The FAQs

Frequently asked questions… and some answers.

How is the tremolo system set up?

How old is my instrument?

For a first hint, check the Serial-Number with the Guitar Dater Project or have a look through Fender's own "Product Dating" resources.

Better estimations require some fiddling in the insides of the guitar, look for stamps on the neck-heel, numbers in the neck-pocket and stamps on the potentiometer-housings. Lists with references can be found all over the web. A very valuable source of information is Jim Shine’s collection of Fender-parts:

My strings are slipping on the bridge’s barrels, and something buzzes while I’m playing. What the…?

Now we’re dealing with the single-most problem associated with these guitars. In short, it can be cured with a proper setup. See these features in the “goodies” section: String/bridge buzz troubleshoot and Setting up your Jaguar / Jazzmaster.

What are all these knobs and switches on a Jaguar for?

They are just eye-candy. Not :-) . See my Interactive Jaguar (Flash player required) – again in the “goodies” section – which hopefully will shed a light on the switching combinations and the resulting sounds.

What are the differences between the models?

First, the pickups. (American made) Jazzmasters have rather flat shallow wound pickups that will pick up a wider range of the swinging string, so the sound is unlike every other (Fender) singlecoil. It’s warmer, to some people “muddier” sounding as a normal singlecoil, but still has got the “edge” to it. Japanese Jazzmaster models have “normal” sized singlecoil pickups, thus lacking this “trademark” sound (but still sounding good). At least this is fact for the older japanese re-issue models, currently I have no info on the pickups used on newer japanese models.

Second, the scale length. All Jazzmasters have the “normal” 25.5″ (648 mm) scale length, like the Stratocaster and Telecaster models. Jaguars have the “short scale” length of 24″ (610 mm). This adds to the more “percussive” character of the Jaguar – the shorter scale length and the “normal” sized single coil pickups will result in a sharper, “tchack”-ish sound, whereas the Jazzmaster is mellower. This (the scale) is also the reason why Jaguars can be equipped with stronger string gauge than you usually would use on your “normal” scale guitar. One or even two steps up in size are ok, i.e. if you are used to .9s you can try .11s on a Jaguar – the “feel” will be nearly the same.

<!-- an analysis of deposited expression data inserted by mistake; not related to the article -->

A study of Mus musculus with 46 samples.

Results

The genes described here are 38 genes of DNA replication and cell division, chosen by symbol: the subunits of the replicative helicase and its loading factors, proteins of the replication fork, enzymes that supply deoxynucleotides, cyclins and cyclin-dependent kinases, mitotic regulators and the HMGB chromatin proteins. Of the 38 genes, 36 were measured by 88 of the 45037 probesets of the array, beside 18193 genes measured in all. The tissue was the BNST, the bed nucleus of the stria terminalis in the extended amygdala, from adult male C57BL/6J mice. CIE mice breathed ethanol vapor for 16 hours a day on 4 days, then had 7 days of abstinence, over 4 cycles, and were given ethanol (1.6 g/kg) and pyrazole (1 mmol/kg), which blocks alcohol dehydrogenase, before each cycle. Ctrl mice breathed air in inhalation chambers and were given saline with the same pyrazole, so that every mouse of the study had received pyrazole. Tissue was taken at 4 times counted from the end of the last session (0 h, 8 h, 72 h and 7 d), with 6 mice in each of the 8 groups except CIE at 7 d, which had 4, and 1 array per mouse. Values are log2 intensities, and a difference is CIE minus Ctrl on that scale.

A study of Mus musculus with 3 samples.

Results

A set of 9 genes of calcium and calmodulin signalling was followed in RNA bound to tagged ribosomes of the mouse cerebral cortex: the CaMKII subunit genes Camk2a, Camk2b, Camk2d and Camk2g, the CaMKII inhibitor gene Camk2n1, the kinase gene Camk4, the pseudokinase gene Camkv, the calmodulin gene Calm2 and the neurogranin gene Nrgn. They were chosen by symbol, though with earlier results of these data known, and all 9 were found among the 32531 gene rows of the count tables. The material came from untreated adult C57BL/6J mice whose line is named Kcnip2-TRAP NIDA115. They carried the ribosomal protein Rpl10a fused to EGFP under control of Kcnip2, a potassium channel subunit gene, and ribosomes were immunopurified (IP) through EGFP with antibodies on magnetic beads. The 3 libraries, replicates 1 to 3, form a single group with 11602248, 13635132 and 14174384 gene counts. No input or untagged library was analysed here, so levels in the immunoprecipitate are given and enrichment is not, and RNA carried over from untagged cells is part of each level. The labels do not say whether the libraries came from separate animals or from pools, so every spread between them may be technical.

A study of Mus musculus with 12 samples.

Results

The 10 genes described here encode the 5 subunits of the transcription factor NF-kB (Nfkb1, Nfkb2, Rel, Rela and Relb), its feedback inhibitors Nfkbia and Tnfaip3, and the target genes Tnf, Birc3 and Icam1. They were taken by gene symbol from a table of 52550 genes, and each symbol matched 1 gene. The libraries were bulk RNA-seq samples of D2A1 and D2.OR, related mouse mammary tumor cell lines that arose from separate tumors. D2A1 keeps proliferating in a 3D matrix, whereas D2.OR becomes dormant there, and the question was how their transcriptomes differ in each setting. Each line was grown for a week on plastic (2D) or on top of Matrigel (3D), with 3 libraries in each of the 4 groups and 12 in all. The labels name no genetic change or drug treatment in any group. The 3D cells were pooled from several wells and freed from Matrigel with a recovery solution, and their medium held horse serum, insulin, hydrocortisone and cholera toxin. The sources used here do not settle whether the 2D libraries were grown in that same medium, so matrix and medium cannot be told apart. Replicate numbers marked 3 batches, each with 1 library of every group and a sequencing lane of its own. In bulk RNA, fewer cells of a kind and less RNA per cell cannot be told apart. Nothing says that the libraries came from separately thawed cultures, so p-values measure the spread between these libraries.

Third, the controls. Jazzmasters and Jaguars have the unique “rhythm circuit” design which in short enables two different sound presets which can be selected by the flip of one switch. The two independent sets of controls are on the upper horn above the strings for the “rhythm circuit” and below the strings, in the “traditional” place, for the “lead circuit” settings. Jazzmasters are equipped with a three-way toggle switch for the pickup-selection (neck, both, bridge) and two potentiometers for tone- and volume settings. Jaguars however have not the toggle switch, but a set of three slider-switches, two of which control the pickups and one adds a capacitor to the cirquit that filters low frequencies (therefore nicknamed the “strangle switch”). So from the player’s view, the switch closest to the neck controls the neck-pickup, the next switch controls the bridge pickup, and the one closest to the volume- and tone-controls is the “strangle switch”. Since the slider switches are on/off, it is possible to “mute” the Jaguar by setting both pick-up switches to “off” (usually the lower position). Players with a wide strumming area and the habit of playing close to the neck can accidentally switch the pickups “off” while playing.
The circuits on both models are designed the same, but the Jazzmaster has different component-values to compensate for the different pickups.

Fourth, the body shape is slightly different. Jazzmaster have a bit more “butt” and the upper horn is more pronounced. Both guitars have the “off set waist” design, which is really comfortable to play. The shape of the headstock differs slightly, too (see the pictures in this thread).

For more information on the details of the models, see the “history” part, an illustrated feature on the differences of the pickups can be found in the “goodies” section.